In chronological order, Paul is the first person whose writings ended up in the Christian canon. He also, though a contemporary of Christ, was not a follower while Jesus was alive, which means anything Paul knows comes from second-hand sources. In other words, what Paul says about Christ is a good indication of what was widely accepted in the years immediately after Jesus’ death.
So what does Paul say about Jesus’ life? For the sake of the argument, I’ll include all letters traditionally attributed to Paul and note where some disputes occur regarding authorship (and therefore dating).
- 1 Thessalonians (c. 52 C.E.): Jesus, the son of God, was raised from the dead (1:10). “The Jews” killed him (2:15). He “died and rose” (4:14). Jesus died for us (5:10).
- 2 Thessalonians (c. 53 C.E., if written by Paul): Nothing.
- 1 Corinthians (c. 54 C.E.): Jesus was the son of God (1:9). Jesus was crucified (2:2). Paul saw him (9:1). “On the night he was betrayed,” Jesus instituted the Lord’s Supper (11:23-25). Jesus died for our sins, was buried and rose “on the third day” (15:3-4). He appeared to Peter, his disciples, more than 500 people at once, James and all of his followers, and finally to Paul (15:5-7).
- 2 Corinthians (likely multiple letters between 53-57 C.E.): Jesus died (4:10), but God raised him back to life (4:14). Jesus was poor (8:9).
- Galatians (c. 55 C.E.): God raised Jesus from the dead (1:1). Jesus was crucified publicly (3:2).
- Romans (c. 56 C.E.): Jesus’ resurrection was a public identification of his divine sonship (1:4). The Holy Spirit raised Jesus from the dead (8:11). Jesus died, was raised and now sits at God’s right hand (8:34).
- Philippians (c. 62 C.E.): Nothing.
- Ephesians (late 50s-early 60s, if written by Paul): Nothing.
- Colossians (late 50s-early 60s, if written by Paul): Nothing.
- Philemon (early 60s): Nothing.
- Pastoral Epistles (early-mid 60s, if written by Paul): “Jesus came into the world to save sinners” was a common phrase (1 Tim. 1:15). Jesus testified before Pontius Pilate (1 Tim. 6:14). Jesus was descended from David (2 Tim. 2:8).
To summarize, among the undisputed letters of Paul, who was killed before the first gospel was written, here’s what we know about the physical life of Jesus:
He was the son of God. He lived in poverty. At some point, he was betrayed, and on the night of the betrayal, he shared a meal with his disciples through the continual partaking of which he urged them to remember him. He then was publicly crucified and buried, but the Holy Spirit resurrected him three days later. He then appeared to hundreds of witnesses, lastly to Paul, and he now sits at God’s right hand.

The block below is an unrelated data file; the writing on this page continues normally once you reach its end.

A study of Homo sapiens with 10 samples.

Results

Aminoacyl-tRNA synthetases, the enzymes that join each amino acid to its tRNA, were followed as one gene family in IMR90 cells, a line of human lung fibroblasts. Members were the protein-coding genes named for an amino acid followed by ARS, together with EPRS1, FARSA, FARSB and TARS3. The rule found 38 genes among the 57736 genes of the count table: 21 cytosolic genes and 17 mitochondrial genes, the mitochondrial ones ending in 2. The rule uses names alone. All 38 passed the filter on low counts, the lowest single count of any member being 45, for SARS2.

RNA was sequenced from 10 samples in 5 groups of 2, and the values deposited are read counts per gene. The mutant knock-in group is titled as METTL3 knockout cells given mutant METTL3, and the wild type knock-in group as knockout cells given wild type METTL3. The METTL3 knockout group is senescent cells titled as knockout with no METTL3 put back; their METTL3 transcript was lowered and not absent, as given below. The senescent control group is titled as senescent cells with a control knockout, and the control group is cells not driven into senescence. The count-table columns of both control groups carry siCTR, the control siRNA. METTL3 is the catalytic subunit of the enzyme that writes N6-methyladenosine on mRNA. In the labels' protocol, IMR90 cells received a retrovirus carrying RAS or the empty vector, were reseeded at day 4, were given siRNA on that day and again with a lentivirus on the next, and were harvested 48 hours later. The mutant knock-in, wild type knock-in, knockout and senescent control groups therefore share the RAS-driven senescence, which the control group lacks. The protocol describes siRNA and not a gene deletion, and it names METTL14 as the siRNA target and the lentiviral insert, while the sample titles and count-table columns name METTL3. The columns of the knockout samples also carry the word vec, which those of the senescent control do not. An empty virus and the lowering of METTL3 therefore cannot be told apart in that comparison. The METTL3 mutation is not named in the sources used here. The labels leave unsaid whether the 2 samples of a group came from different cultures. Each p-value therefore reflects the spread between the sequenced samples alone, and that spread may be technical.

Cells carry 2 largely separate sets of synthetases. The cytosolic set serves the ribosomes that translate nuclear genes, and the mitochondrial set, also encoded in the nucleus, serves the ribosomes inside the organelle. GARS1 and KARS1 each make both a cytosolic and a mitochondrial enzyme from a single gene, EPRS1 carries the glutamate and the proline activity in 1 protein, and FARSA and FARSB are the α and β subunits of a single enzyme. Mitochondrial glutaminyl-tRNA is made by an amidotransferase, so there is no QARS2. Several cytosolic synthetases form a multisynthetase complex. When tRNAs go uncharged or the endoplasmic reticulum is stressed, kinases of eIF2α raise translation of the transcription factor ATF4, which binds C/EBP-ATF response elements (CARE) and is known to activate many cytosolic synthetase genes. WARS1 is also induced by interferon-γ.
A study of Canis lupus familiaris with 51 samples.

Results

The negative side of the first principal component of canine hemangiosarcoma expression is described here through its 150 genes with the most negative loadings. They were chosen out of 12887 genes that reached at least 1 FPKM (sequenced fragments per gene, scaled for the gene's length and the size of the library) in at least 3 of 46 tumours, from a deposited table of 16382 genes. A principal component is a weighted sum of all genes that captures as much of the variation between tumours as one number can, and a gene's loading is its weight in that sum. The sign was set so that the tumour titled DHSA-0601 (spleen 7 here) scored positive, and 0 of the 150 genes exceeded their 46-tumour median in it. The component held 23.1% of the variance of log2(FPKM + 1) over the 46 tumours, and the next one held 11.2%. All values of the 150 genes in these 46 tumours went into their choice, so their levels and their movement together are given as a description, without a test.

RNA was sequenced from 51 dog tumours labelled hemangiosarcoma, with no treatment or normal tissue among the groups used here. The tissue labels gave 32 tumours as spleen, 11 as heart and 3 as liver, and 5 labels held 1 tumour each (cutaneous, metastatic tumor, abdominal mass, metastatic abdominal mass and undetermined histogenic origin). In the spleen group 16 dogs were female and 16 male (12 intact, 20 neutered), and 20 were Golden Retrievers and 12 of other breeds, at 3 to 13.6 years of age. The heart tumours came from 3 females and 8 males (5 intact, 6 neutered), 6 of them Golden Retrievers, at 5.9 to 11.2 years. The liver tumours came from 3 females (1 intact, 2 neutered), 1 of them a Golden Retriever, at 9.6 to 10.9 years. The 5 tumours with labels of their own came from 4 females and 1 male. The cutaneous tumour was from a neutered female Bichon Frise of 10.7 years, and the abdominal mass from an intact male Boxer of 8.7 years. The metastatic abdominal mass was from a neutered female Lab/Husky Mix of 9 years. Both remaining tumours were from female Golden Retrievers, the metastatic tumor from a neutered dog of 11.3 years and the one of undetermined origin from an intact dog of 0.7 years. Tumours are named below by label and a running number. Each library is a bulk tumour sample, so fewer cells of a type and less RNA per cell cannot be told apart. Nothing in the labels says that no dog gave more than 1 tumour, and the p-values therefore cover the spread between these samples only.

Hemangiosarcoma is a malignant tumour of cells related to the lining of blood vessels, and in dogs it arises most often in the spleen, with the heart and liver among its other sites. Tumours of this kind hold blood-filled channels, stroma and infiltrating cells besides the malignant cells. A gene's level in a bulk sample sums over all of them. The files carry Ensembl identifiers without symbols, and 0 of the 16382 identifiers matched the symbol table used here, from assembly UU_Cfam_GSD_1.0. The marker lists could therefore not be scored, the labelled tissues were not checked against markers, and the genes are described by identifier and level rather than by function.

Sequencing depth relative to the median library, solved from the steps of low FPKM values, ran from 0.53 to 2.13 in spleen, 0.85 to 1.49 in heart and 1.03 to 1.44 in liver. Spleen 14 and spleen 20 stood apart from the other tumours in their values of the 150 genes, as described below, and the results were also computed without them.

The letters to Timothy, which most scholars believe are not Pauline (2 Timothy has a few more defenders than the other two), add two more details: the trial before Pilate and Jesus’ Davidic ancestry – which make more sense, given Paul’s silence on them in the previous seven to nine letters, if these three are actually written between 80-100 C.E., after the completion of the Synoptic Gospels, which include such details.
So the Last Supper, the crucifixion, the resurrection, the appearances and, by inference, the ascension (he has to get to the right hand of God somehow, right?) are all part of the known story of Jesus when Paul writes his letters 20-30 years after Christ’s death. But the virgin birth is not.
Arguing from silence is a tricky business. Paul clearly could have known about the virgin birth and simply did not find it worth mentioning or particularly important to his theology. But that seems unlikely. Such a miraculous event would seem to buttress a host of Paul’s theological arguments. The position that makes the most sense is that Paul simply didn’t know of such a story.
Regardless of which is true – whether Paul didn’t know about the virgin birth or whether he didn’t think it important enough to mention – Paul’s silence should cause us to think about how much weight we place on the story in our own theology.